TED Conversations

This conversation is closed.

The Relentless Learner has become the most important person in the worldwide search for talent. How can we identify them?

Most relentless learners are independent learners. The take programs, attend events, go online and learn in as many ways as they can. And they learn because they are driven to know and know-how things are done. When that thing is related to their performance at work, they trump what is casually referred to as "talent" and leave static event-based degrees and certifications in the dust. Every great innovation and invention can be traced to a relentless learner, yet they are the least understood, rewarded and identified hidden asset an organization or field of study can have. How do we identify and support the relentless learners?


Showing single comment thread. View the full conversation.

  • thumb
    Jul 30 2012: The pace of change and desire to understand a topic, concept or a pattern has necessitated the inquisitive individual to be a "relentless learner" to navigate through our daily life.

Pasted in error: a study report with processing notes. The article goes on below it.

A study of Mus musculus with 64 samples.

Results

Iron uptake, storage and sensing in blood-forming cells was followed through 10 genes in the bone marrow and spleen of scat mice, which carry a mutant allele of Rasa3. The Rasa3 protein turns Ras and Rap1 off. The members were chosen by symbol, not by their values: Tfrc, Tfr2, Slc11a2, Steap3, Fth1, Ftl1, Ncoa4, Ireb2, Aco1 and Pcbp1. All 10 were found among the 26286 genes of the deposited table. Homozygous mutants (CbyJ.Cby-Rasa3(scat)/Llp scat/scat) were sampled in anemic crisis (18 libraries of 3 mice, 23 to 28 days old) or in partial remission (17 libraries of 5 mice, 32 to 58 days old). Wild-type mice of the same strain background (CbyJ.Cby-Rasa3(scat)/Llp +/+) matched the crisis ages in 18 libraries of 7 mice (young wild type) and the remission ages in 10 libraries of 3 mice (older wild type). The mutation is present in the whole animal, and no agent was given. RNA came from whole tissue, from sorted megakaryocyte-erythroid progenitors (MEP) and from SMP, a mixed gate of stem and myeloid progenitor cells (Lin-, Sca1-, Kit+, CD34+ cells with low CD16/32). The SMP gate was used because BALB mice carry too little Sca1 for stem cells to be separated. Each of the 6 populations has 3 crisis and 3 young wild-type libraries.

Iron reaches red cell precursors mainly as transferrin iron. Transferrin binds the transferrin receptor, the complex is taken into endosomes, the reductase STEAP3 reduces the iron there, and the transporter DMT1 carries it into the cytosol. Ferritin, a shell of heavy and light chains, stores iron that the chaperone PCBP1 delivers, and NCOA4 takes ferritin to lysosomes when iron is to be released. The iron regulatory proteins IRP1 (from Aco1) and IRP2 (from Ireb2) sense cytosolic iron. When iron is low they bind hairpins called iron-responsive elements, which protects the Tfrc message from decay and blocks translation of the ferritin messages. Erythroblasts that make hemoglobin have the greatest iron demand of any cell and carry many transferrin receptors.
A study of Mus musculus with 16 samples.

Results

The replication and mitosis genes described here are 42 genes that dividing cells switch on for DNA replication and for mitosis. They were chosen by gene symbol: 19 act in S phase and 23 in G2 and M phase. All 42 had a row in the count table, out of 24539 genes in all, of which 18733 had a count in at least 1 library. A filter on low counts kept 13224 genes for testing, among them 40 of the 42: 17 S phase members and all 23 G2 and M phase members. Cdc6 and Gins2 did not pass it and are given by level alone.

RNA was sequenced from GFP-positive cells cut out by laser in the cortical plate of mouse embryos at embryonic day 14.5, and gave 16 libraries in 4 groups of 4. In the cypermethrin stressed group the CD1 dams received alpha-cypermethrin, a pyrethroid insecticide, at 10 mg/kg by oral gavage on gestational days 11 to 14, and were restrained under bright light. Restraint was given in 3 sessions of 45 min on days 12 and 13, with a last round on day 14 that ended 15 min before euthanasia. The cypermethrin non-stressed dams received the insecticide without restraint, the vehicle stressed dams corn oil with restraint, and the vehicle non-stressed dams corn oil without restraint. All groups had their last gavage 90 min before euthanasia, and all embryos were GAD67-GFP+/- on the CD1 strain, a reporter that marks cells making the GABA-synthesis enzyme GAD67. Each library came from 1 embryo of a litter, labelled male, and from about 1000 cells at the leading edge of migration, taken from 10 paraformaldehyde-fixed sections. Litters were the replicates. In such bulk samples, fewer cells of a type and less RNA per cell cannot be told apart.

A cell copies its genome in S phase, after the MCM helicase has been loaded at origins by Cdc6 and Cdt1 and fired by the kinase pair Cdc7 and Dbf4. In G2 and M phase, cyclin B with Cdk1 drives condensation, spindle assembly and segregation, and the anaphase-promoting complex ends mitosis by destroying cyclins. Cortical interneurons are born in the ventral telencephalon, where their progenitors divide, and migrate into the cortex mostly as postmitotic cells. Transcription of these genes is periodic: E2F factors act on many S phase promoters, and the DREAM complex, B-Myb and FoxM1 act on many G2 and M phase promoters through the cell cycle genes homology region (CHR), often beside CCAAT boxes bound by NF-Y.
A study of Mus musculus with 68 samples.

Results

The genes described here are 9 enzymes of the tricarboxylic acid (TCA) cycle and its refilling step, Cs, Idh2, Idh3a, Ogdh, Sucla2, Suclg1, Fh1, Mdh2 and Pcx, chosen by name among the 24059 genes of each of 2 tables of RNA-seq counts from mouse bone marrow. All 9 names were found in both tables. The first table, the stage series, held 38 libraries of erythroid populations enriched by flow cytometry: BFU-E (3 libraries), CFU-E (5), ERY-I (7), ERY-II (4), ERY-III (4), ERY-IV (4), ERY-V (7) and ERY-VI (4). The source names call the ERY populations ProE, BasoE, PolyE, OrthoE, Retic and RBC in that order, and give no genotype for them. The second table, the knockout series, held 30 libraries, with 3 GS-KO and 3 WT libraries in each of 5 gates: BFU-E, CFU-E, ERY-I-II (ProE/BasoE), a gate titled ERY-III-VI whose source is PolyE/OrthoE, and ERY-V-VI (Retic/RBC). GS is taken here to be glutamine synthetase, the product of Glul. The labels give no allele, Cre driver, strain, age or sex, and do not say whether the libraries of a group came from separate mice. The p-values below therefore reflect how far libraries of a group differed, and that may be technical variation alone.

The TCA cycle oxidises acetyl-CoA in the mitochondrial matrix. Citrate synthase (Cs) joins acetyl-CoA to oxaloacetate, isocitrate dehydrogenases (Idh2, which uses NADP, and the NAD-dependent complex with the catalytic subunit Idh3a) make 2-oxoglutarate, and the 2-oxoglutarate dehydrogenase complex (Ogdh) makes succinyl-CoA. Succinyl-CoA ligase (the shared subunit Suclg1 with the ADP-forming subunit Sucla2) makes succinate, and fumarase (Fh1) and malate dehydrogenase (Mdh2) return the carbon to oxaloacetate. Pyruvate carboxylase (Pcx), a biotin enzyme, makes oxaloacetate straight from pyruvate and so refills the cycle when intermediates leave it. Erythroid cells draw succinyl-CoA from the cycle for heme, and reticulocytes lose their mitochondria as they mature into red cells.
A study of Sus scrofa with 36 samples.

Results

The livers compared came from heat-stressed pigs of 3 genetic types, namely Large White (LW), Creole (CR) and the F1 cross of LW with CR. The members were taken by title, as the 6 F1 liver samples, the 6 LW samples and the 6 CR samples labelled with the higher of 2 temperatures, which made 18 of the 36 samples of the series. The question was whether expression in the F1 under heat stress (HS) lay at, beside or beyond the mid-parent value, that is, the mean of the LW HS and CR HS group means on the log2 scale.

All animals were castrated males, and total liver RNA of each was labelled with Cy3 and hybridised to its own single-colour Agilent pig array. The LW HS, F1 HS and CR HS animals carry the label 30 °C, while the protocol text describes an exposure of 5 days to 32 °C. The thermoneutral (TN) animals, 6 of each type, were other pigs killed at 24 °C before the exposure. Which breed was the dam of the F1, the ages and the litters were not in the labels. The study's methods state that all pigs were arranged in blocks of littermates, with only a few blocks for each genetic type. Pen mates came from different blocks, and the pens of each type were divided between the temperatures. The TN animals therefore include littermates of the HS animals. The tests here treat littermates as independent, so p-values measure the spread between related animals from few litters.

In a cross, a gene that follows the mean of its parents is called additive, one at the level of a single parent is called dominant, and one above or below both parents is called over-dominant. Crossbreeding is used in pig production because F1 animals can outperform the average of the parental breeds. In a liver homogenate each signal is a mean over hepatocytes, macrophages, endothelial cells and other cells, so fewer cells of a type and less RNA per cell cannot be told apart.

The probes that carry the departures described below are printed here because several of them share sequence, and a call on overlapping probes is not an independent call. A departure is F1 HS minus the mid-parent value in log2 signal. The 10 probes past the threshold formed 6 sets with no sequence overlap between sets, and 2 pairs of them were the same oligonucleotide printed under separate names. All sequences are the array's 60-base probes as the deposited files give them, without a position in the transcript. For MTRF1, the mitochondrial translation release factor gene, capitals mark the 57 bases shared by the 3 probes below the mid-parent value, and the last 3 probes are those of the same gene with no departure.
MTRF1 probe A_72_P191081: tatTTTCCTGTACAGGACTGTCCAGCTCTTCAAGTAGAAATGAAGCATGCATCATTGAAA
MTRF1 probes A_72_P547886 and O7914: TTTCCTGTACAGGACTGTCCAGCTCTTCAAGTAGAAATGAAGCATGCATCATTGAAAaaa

Granted this is not something new but the source for knowledge and learning are increasing by leaps and bounds to benefit both the privileged and the under privileged.

    Digitization,the internet, on line education/courses and associated technologies like search engines, Wikipedia etc. have aided this learning process.

    Knowledge is increasing at a faster pace and the individual who can understand and abstract it to recall and leverage it at the time of need becomes the "talent" the world is searching for.
    • thumb
      Jul 30 2012: On that same note, while digital and internet may have helped provide answers for those who seek, it's has also helped in taking away many peoples desire to work out problems of their own accord. There's a lot in observing the quality of students in our modern age who no longer read because they can just "Google it" or cannot even read a map because they're used to asking their phone where to go. So when is it we draw the line between gratuitous provision of knowledge, and earning it?

Showing single comment thread. View the full conversation.